A NY Times article appeared today on the effect of the new lighting efficiency regulations and it describes the complexity facing consumers as new technologies enter the market. What this article first made me realize was that the advent of the new efficiency standards is a real world example of the “Porter hypothesis" in action. Michael Porter at Harvard Business school has postulated that strict environmental (or energy efficiency) regulations can under certain conditions lead to increased innovation. This hypothesis is contrary to what I call the simpleminded Econ 101 view of the world, in which regulations are invariably less efficient than pricing mechanisms in inducing innovation. In any case, these particular regulations have clearly induced innovation in an industry that has been famously slow to change. Having old depreciated plants churning out incandescent bulbs is extremely profitable, so there was little incentive for the lighting companies to innovate except in certain niche markets driven by other efficiency policies (like utility efficiency programs promoting efficient lighting in California).
I’ll say more about the high level implications of such regulations in another post, but I wanted to describe our own personal experience with new lighting technologies for our new house. There are a lot of ceiling cans in the house, and the previous owner had used CFLs in most of them. The decorative parts of the cans were original equipment, about 12 years old, so they looked dingy and needed to be replaced. Our contractor said that would cost about $20 per can. He brought us a new LED downlight and said it cost $50 and could quickly be placed into every can. They use 11W and give off as much light as a 60W incandescent, but our perception was that they were much brighter than a typical bulb because they were directional. They come on very rapidly and can be used on dimmers with no problem (for some reason they don’t come on quite as quickly when dimmed, but are about as fast as incandescents in turning on when at full brightness). We tried the light in our old house to see if the color rendition was much different than an incandescent bulb, and we couldn’t see any difference. My wife even gave them her seal of approval (she hates CFLs and would never have allowed them except in a few fixtures). Finally, the long life of the LEDs (35,000 hours, or 35 years at 3 hours/day of use) was really important to us because we have high ceilings in the new house, and in a house with 48 ceiling cans that’s a lot of trips up and down a ladder to replace burned out incandescents. I had no interest in wasting my time doing that, so the LEDs were just the ticket. And we would have had to spend $20 anyway to replace the decorative parts of the can, so the economics were a lot better than in some other applications.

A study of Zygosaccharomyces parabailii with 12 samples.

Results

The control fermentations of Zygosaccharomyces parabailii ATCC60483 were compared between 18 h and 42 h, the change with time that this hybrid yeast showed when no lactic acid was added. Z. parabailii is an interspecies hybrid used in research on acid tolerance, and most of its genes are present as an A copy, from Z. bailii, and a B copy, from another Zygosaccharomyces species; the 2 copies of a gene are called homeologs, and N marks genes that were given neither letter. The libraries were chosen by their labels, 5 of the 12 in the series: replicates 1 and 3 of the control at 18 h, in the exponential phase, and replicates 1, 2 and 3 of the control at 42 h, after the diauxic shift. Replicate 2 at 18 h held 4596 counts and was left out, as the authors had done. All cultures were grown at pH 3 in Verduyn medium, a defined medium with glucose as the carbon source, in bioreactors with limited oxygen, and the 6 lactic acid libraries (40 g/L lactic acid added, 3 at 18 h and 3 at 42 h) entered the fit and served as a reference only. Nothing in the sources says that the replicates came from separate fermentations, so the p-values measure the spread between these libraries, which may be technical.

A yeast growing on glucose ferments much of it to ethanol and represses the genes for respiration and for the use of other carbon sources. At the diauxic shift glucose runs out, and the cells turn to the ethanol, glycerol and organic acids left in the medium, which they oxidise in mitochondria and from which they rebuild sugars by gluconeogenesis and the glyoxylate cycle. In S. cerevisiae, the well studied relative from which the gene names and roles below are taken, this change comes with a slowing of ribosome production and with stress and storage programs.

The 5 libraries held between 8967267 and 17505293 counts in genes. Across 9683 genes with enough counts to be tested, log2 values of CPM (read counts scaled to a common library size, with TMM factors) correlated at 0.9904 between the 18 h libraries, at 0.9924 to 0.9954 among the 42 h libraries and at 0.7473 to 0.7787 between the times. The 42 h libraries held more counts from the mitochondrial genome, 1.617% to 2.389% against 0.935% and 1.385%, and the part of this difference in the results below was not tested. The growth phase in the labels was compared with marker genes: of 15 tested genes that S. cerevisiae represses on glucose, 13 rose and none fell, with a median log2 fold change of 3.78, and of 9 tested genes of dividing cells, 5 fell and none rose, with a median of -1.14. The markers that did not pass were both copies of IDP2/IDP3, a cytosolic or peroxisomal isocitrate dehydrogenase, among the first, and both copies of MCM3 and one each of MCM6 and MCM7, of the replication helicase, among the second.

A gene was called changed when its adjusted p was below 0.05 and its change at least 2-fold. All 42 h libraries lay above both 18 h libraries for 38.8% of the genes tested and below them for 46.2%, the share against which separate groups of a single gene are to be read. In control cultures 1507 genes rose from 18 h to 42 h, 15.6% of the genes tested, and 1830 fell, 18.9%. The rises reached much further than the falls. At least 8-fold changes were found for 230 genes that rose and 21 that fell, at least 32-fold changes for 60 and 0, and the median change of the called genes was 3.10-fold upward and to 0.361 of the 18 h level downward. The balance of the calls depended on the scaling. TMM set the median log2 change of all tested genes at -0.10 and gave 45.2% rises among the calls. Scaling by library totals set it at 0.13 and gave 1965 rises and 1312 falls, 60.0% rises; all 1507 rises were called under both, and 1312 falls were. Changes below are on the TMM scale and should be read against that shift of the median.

Here’s a link to the latest version of the lights we chose (updated July 2013). Definitely stick with major manufacturers for new technologies like LEDs. We had one out of 48 LEDs go bad on us, but that one was promptly returned for an exchange. We were told that the newer LEDs have a square LED active surface, whereas most of the older ones use individual high intensity LEDs that are shaped like the ones on your stereo (but are of course much more luminous). Go for the square LED active surface.
Finally, a note to people who are upset by the changes induced by the new regulations: you’ll still get to buy incandescents, they’ll just be lots more efficient. Eventually LEDs will sweep all the other technologies away, and I’d expect that to happen in 5 to 10 years, but we’ll see. The main lesson of rapid adoption of efficiency technologies over time is that they need to be better than what they replace to gain wide acceptance. That’s why the good light of LEDs combined with the much longer lifetime and lower heat output makes them such a powerful competitor to the standard bulbs (as well as to CFLs). And with most electronic devices, prices pretty much always go down, and we’re nowhere near the theoretical limits of efficiency for lighting, so more progress lies ahead. Exciting times!